Clergy Concerned Over EU Ruling on Same Sex Marriage

If Parliament decides to legalise gay marriages, Britain's clergymen will no longer have the right to consciencious objection, an EU report recommends.

Published 12 January 2006  |  
Clergymen across the country have been left highly concerned by a European Union report which has recommended that clergy will not be allowed a right of conscientious objection to conducting gay weddings if the Parliament decides to enact legislation in permitting same sex marriages.

|TOP|The EU ruling states that the rights of access to abortion, euthanasia, birth control and marriage trump the right of conscience to opt out of conducting gay weddings, reports The Church of England Newspaper.

The highly controversial report by the EU’s Network of Independent Experts on Human Rights said that where “euthanasia or assisted suicide are partially decriminalised, the right to religious conscientious objection, while it should be recognised to the medical doctors asked to perform euthanasia or to assist a person in committing suicide, should not be exercised in a way which leads to depriving any person from the possibility of exercising effectively his or her rights as guaranteed under the applicable legislation”.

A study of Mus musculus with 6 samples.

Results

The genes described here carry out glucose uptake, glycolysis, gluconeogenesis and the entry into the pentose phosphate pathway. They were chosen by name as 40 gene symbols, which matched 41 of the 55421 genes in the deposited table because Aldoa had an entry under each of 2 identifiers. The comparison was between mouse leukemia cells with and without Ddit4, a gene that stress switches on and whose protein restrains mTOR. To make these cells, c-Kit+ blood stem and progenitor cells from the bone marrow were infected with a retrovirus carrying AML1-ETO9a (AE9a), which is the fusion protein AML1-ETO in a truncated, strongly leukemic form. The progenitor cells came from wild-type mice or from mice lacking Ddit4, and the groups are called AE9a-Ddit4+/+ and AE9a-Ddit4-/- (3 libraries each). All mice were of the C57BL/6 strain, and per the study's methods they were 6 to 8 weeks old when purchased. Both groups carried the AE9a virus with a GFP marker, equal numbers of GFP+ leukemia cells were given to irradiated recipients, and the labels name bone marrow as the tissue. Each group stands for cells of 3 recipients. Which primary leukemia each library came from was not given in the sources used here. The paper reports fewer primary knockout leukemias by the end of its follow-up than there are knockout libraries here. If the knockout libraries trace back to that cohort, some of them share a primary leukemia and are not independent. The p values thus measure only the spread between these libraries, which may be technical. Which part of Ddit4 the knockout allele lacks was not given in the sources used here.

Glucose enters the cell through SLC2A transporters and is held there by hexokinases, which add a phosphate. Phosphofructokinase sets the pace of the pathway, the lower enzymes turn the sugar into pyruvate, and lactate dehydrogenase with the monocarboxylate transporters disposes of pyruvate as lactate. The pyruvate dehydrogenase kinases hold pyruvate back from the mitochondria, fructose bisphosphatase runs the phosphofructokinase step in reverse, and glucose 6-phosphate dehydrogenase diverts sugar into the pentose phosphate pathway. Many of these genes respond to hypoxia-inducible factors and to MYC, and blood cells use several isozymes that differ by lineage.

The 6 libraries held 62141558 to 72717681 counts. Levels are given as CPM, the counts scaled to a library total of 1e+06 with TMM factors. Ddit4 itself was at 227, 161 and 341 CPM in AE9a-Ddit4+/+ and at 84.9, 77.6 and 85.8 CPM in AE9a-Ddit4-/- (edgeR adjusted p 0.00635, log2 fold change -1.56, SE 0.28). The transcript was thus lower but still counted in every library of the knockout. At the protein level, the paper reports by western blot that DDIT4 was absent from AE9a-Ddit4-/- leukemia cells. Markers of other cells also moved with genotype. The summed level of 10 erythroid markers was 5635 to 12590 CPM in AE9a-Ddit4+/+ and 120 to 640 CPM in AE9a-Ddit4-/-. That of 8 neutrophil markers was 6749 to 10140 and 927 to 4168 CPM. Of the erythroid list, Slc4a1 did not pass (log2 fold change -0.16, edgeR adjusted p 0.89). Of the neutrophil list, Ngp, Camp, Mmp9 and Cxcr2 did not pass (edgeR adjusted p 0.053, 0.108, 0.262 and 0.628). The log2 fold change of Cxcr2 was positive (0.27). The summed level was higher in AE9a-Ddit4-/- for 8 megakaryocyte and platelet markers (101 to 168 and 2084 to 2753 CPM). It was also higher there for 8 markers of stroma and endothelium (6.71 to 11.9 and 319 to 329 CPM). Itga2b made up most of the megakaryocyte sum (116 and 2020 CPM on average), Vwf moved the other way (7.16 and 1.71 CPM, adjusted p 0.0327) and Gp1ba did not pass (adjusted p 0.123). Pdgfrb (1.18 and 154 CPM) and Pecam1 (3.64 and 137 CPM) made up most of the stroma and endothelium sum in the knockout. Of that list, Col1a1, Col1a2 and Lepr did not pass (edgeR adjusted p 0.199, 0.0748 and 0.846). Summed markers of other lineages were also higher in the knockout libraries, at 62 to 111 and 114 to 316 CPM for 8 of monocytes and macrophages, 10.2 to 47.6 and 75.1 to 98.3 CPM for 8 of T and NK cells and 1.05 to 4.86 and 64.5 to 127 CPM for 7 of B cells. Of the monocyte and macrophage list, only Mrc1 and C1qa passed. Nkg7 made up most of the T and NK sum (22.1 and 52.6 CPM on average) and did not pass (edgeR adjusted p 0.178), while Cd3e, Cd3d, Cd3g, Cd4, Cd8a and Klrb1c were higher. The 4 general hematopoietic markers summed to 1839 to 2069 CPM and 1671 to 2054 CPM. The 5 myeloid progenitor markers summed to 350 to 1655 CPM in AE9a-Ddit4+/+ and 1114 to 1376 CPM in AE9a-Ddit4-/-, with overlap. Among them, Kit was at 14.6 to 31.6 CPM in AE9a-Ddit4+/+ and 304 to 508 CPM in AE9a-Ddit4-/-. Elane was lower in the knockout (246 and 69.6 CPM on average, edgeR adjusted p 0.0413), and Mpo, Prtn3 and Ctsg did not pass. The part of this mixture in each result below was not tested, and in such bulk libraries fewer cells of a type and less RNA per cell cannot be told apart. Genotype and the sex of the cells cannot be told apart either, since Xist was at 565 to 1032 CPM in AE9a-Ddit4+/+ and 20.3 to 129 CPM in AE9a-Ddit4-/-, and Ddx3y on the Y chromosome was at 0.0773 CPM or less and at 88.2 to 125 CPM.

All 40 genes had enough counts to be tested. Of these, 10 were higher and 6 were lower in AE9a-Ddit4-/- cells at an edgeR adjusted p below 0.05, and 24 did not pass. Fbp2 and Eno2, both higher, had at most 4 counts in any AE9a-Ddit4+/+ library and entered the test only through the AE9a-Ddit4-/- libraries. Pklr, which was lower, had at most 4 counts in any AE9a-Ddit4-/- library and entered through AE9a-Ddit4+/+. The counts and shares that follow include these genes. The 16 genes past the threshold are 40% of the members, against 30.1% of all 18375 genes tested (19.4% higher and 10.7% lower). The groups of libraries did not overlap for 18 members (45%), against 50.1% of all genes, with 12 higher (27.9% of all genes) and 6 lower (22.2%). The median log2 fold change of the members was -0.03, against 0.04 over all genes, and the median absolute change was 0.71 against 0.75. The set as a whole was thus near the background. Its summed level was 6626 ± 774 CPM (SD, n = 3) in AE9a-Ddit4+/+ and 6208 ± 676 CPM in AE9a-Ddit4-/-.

The report also stated that the “right of access” should take precedence over the right for clergy or registrars to object to solemnising gay weddings, where the law permitted them.

The authors of the report referred to a case in the Netherlands in which a registrar was fired after refusing to solemnise the wedding of a same-sex couple, despite the fact that other registrars were available who were willing to conduct the ceremony.

|AD|The Panel who made the ruling argued: “The right to religious conscientious objection may be invoked by an officer refusing to celebrate a marriage between two persons of the same sex or where one of the prospective spouses is a transsexual”.

It added, however, that “it would be unacceptable to allow this to result in marriage being unavailable to the couple concerned: any form of discrimination on the basis of sexual orientation (as would result from the refusal to celebrate a marriage between two persons of the same sex where this institution is recognised), and any violation of the right to marry of transsexuals, should not be tolerated, and the public authorities should ensure in such circumstances that other officers will be available and willing to celebrate those unions.”

In the UK, doctors and nurses currently have the right under law to refuse to participate in abortions, while the Education Reform Act of 1988 gives parents the right to withdraw their children from worship at state-supported schools.

Clergy of the Church of England also have the right under the Gender Recognition Act 2004 to refuse to solemnise a wedding “if it is reasonably believed that the person’s gender has become the acquired gender under the Act.”

If Parliament decides to legalise same-sex weddings, clergy will, under the recommendations of the EU report, be forced to place the right of access to marriage of gay couples above their own moral convictions on the sanctity of the marriage.